Thomas Wood filled a gallery with plein air work this year, and the results were quite a handful. For this show, Wood was required to dramatically change the scale upon which he worked. His piece for a recent show at Gallery Route One in Point Reyes Station, California, called for paintings less than 2 inches wide.

Wood holding his box entry

Wood was selected by lottery to join 149 other artists for participation in “The Box Show,” an annual exhibition in which all participants are given wooden boxes to incorporate into a piece of artwork. Some keep the basic structure of the box, others cut the box up and use parts of it. Some of the artists are fine artists, some are people in other creative fields. There’s a waiting list to participate; Wood’s name was pulled this year.

“Morning, Deer Island,” by Thomas Wood, oil, 16 x 20 in.

“Grasslands & Oaks,” by Thomas Wood, oil, 12 x 16 in.

“I thought, ‘I’m a painter, so maybe I’ll do a painting, paint the box,'” recalls Wood. “But then I got the idea of a miniature gallery. I decided to do it as a straight idea. I took tiny little balsa wood boards, went out into the field — instead of a usual-size painting, I had a couple of little tiny boards affixed to the back of my sketchbook. Using smaller brushes, I did what I normally do, and I was surprised that the results came out pretty well.”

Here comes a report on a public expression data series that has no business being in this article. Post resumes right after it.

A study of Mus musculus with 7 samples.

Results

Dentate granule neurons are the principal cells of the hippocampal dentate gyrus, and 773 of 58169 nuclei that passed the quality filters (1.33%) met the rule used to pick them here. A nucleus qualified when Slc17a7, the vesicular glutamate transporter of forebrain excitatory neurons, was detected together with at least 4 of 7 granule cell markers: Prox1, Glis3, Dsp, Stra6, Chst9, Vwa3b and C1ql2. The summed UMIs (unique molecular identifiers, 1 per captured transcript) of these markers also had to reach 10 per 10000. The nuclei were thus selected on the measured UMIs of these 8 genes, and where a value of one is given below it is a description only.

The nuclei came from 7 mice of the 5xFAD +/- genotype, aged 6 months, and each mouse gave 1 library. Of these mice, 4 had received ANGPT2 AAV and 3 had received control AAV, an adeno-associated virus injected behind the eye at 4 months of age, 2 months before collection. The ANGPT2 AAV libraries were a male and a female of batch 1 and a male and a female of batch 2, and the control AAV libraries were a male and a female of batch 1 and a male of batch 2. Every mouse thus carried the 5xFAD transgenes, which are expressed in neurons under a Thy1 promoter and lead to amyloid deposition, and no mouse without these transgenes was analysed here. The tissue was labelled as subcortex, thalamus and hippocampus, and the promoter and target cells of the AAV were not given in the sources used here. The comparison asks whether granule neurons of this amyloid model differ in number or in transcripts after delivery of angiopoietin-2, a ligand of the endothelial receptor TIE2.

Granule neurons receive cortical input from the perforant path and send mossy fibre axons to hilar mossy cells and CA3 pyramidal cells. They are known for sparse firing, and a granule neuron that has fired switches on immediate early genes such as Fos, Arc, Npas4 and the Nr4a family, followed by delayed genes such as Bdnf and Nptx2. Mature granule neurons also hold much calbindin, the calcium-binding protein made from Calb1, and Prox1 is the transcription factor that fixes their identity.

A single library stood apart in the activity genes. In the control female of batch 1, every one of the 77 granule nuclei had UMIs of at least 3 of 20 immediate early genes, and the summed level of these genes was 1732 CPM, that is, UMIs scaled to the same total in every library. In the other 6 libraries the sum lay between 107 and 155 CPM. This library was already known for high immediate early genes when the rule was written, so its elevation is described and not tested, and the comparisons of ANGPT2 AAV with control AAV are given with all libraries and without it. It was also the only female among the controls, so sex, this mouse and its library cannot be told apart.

Another view of Wood’s “Gallery”

“Douglas Firs on a Golf Course, Arnold, CA,” by Thomas Wood, oil, 7 x 9 in.

The largest painting in Wood’s box construction is 1 3/4 x 2 3/4 inches. The other paintings are 1 x 1 1/2 inches. The artist bought tiny doll lights at a craft store to complete the gallery look. Wood took pictures of the box and sent them to friends; some of them thought it was a real gallery scene and complimented him on his show. Others thought it was created completely in the digital realm.

“Olema Valley, Winter,” by Thomas Wood oil, 12 x 16 in. 

The boxes will be view until September 8. A silent auction runs during the show, and on the final day, a live auction finishes the sales. The event is a fundraiser, with all the money going to Gallery Route One, an artist-run, community-based, rural exhibition space. “It was a lark, it was fun, and it was also real,” says Wood.